February 2003: Volume 45, Number 2
One for the Money, Two for the Trade Show—Looking for Dates on the World Wide Web
by Ronald Y. Pérez, WC&P Managing Editor
Whether it’s a newspaper or a magazine, everyone has their favorite section. At WC&P, we’ve never conducted a scientific study on what portion of the magazine garners the most attention. As a member of the editorial team, you can be certain I hear from authors or other interested parties (companies, PR firms, water treatment professionals, etc.) when they feel a news item, article or other submission was misrepresented or omitted. But that goes with the territory, and it’s good to know people care about our content.
An area where we reach out diligently to find items is the “Upcoming Events” department located near the front of each issue. Sure, some sponsors will send us notice about their show, but oftentimes we must find overlooked conferences or expos so we can offer you the most comprehensive listing in the industry. While the WQA and other sites (seeFYI) are always reliable sources, we’ve chosen a few here that could supplement anyone’s search for places to go and people to see in the water treatment business.
Found under the broader name of Conference Alerts, the home page can take you to conferences ranging from the social sciences and humanities to medicine. If you were wondering, the water category is located under "interdisciplinary." The above URL address will take you straight to where you need to be. I see that the site was updated last about a week before my visit so I assume it’s being closely monitored. Next, I notice it begins with January 2003 and extends out to November 2004, which is nearly two years and a good time period for an effective trade show listing.
Under each month/year designation, the start date is given for each show. More importantly, the name of the show is typed in blue and equipped with a link for more information. Upon clicking on a link, you’re sent to a very basic contact page that provides a website and email address. Some sites will send you directly to the show organizer’s website. This works just as well. It also allows the show sponsor to make any changes or additions to the listing. This is a free service, if any organizer is interested.
Clearly, this listing is international and doesn’t overlook too many shows. I found a few incomplete listings as to contact information. But that can be just as much the fault (if not more) of the organizer than the website proprietor. Overall, the visitor gets a rather eclectic mix of trade shows, which is expected under the very extensive term of "water." Just scanning over February/March 2003, I find conferences on topics such as aquatic sciences, flood forecasting and electromagnetic waves. To be fair, most of the shows would relate well to the point-of-use/point-of-entry industry.
Introduced last year as an "extra" in Website of the Month, this site has been letting people know where to go for seminars—a staple of any trade show—since 1981. And you can bet they also list trade shows galore. By their count, over 360,000 seminars and conferences are listed here within various categories including finance and accounting and communications to organization development and energy and environment. Plus, this site is a partner with www. tsnn.com, a valuable site we have reviewed in this space (see February 2002).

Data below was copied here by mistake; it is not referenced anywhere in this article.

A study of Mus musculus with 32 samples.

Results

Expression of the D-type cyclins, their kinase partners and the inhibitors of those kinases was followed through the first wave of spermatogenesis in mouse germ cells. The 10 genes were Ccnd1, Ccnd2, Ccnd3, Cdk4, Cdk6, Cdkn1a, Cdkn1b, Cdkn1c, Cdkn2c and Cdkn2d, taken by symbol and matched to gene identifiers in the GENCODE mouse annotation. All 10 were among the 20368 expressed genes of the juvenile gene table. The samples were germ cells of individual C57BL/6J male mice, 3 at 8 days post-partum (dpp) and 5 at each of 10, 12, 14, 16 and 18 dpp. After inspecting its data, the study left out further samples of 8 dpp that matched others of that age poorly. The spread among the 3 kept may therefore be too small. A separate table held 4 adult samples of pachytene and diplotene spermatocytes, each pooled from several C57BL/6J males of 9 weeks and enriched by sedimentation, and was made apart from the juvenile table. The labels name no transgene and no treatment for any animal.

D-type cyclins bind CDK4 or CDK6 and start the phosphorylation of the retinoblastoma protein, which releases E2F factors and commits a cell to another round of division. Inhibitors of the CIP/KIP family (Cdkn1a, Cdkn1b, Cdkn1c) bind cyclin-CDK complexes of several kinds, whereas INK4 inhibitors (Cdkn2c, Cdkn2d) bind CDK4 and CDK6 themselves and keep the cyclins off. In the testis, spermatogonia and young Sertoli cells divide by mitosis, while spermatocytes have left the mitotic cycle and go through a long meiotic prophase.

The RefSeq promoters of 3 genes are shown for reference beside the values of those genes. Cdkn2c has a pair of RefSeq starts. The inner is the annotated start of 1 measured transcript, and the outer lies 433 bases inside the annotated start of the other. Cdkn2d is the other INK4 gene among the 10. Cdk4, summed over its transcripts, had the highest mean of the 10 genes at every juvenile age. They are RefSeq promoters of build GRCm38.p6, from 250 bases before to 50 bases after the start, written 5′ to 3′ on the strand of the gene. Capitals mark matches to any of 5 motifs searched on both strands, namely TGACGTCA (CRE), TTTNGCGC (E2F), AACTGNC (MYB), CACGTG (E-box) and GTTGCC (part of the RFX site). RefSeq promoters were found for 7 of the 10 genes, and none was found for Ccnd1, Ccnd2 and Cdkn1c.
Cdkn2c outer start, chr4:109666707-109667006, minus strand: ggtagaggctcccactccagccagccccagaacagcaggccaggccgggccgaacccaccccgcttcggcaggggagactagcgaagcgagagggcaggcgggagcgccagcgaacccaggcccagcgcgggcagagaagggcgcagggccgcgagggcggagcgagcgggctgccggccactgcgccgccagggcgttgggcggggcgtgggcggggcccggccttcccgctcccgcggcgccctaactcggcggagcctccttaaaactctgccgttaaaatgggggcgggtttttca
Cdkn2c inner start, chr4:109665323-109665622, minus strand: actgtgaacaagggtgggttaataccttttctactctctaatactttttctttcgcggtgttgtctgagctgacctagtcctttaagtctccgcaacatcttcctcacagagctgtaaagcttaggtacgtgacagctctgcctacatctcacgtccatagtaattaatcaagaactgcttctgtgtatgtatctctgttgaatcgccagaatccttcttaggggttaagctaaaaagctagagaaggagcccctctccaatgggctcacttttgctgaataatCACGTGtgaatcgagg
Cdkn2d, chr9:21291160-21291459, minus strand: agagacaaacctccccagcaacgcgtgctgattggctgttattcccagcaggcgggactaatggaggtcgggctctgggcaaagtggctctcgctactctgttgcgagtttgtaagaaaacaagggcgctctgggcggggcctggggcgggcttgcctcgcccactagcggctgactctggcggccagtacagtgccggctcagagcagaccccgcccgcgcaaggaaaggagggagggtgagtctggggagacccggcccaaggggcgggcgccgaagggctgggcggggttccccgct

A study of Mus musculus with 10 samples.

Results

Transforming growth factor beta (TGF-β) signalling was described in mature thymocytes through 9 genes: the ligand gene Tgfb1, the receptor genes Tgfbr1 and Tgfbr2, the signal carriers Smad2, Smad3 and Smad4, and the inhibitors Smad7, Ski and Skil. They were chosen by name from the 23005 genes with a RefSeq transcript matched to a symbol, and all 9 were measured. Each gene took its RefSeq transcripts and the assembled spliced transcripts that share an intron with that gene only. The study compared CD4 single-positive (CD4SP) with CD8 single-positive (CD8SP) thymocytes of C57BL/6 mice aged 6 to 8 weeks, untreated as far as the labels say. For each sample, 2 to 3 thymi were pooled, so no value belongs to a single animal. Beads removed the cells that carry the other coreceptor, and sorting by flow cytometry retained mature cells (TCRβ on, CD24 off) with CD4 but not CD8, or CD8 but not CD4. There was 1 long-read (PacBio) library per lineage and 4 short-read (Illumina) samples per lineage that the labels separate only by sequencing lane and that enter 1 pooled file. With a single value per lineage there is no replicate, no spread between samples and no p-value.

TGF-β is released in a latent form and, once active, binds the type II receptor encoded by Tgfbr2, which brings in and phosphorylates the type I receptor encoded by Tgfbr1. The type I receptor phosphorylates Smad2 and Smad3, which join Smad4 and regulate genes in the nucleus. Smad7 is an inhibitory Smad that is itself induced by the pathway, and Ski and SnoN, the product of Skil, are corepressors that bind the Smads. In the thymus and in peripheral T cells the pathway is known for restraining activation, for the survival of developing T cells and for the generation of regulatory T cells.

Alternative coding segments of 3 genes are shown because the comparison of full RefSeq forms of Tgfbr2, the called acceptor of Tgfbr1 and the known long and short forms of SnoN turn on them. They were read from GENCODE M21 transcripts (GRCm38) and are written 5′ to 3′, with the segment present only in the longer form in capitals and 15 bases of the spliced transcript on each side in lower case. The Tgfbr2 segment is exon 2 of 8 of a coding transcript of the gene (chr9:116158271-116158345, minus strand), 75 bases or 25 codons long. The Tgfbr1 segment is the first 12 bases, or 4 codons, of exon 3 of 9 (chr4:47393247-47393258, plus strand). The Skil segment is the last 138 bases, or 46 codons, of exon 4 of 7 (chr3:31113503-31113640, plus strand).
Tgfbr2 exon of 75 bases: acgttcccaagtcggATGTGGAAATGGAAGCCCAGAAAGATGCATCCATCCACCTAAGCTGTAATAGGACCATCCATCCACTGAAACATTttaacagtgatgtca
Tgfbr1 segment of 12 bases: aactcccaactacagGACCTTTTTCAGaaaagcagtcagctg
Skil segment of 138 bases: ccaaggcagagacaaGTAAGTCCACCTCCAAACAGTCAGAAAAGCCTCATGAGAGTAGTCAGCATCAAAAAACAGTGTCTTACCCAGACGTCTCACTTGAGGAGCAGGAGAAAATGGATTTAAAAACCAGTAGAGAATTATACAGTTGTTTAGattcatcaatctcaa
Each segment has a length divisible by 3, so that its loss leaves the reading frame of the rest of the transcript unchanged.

For those seeking water treatment trade shows, which I would imagine includes 99 percent of us, navigating through the site can be a little awkward. Allow me to save you some time. (Judging from the site’s home page, I also think the designers see the same conundrum since they have placed a search button near the top). Your best option is to enter "water" or "water treatment" in the search box and let the site provide 37 different events (at least in this case).
Of course, once you get to the list of events, don’t forget your comb because you will be sifting a lot here unless you are actually seeking shows regarding water flooding and "sales and tax use." Huh? I am not sure how that listing came up. Then again, with the recent accounting and auditing debacles, perhaps this isn’t so far-fetched. Some of the more apropos events include water treatment for injection and production, pharmaceutical water systems and water system design.
In a way, both of these sites run their calendar listings much like we do. WC&P relies on our readers/visitors to provide us with information so we can post it in our publications/websites. Depending on what you want out of a trade show, both of these sites can prove to be valuable.
Making the grade with the trade
Biggest plus for this site—no need to register for email or website address contact information. The search function located near the bottom of the home page is a way to cut through the fat. Still, a good idea might be for the site to ask more detailed questions from the organizers of the events to make the site more user friendly.
This site may prove to be more fruitful for those seeking trade shows to attend. After all, a conference title can be misleading and often not very descriptive. If you are looking to get educated on a particular topic, this will take you to topics being discussed. Then again, if you are looking to only visit booths, this site may not serve your purpose.
FYI: For more trade
For a few trade show sites, a little more peripheral but possibly just as useful, these three sites may be able to uncover that hard-to-find show.